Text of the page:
This is my first review of the actual “Spider-Woman” comic (Chad Nevett did those honors), but I did review the first episode of the motion comic this summer, and I found it to be an almost complete disaster. I watched the second episode, just to see if they fixed any of the problems, and while the voice acting seemed slightly improved, it still suffered from some of the same things that torpedoed the first installment: sub-“Days of Our Lives” performances, dialogue that was not effective when spoken aloud, and the kind of limited animation that makes motion comics seem like low-budget cartoons.
I haven’t seen the third installment, but I can say that “Spider-Woman” #3 works quite well as a comic. Without the distraction of bad voice talent and musical cues, Alex Maleev’s art gets the attention it deserves. Though his work on the “Spider-Woman” comic resembles screen captures from the motion comic, it’s more than that. It’s arguably his best work to date, with his subdued-neon color palette and his expressive character work. He’s working from live models for his “Spider-Woman” pages — the model for Jessica Drew is credited on the opening page — and he’s worked with models on other projects in the past. But what separates Maleev from other “realists” who use photo-reference or models is that he’s able to capture the nuances of emotional detail without sacrificing the emotion. His characters don’t feel stiff or overly posed. They feel like they inhabit the comic book space, and they ground this sci-fi fantasy comic in a way that makes it seem substantial.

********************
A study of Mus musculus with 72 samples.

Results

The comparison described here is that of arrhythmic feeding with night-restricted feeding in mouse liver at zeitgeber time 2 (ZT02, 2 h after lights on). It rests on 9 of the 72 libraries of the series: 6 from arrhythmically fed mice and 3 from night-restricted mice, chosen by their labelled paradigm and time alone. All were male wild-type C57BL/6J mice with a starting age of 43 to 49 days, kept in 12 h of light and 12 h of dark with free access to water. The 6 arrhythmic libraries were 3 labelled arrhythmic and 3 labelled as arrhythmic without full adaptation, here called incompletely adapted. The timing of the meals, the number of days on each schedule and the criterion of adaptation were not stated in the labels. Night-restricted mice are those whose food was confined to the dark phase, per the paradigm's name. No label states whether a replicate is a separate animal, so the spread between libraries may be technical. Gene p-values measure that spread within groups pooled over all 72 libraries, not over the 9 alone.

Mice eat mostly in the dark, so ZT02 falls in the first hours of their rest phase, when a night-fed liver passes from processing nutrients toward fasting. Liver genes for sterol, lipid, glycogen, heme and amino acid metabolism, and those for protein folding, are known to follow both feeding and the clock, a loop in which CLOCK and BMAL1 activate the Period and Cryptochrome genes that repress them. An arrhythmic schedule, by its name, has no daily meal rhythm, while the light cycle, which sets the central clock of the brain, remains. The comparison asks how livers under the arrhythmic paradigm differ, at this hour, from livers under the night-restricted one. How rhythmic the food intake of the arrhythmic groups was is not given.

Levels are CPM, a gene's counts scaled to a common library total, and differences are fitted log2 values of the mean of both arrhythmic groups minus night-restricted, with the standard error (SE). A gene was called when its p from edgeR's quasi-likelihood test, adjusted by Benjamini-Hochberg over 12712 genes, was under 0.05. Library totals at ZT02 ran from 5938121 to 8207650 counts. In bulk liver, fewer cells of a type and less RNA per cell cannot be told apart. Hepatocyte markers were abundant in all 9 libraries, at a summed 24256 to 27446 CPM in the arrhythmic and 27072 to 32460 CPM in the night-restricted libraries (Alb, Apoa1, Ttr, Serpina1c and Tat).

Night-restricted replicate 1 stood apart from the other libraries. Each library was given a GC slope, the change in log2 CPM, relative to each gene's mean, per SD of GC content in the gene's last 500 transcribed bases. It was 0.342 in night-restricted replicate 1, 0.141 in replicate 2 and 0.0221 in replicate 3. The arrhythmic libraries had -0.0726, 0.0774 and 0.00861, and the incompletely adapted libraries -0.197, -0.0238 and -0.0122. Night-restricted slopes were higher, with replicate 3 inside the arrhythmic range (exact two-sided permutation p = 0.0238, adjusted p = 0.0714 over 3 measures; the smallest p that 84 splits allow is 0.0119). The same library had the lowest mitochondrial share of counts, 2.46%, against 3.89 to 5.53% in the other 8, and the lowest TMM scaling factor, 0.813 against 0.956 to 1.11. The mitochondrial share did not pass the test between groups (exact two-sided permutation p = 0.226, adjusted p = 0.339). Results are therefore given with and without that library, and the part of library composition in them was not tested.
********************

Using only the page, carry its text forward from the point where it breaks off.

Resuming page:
Brian Michael Bendis does the same thing, with words. This is a comic about an alien-abducted superhero, a super-secret spy organization, and a society of serpentine evil scientists. Yet Bendis makes it about individual people within those contexts. It’s a traumatized young woman with mommy issues, and a couple of strong women who try to manipulate her. Some of the dialogue may chafe — Bendis has trouble shifting from casual diction to anything more formal, even when formal would be a better fit for the character — but he does a nice job making this about the characters in these situations rather than about the situations themselves.
This is certainly a character-centric book, though Bendis and Maleev aren’t afraid to make the literal sparks fly when they must. This story unfolds slowly, but it’s a strong, emotionally-charged unfolding, and the moments of tension receive release in physical action in a few panels.
Though Madame Hydra is ready for anything Jessica Drew can throw at her.
This issue concludes with an unforgettable image — the kind of situation that everything from “Secret Invasion” onward has built towards. And because Bendis makes the moment feel earned, and because Maleev makes it all look sad and powerful and charged with tension, it’s a strong cliffhanger. This is good comics, whether or not it works when delivered on iTunes.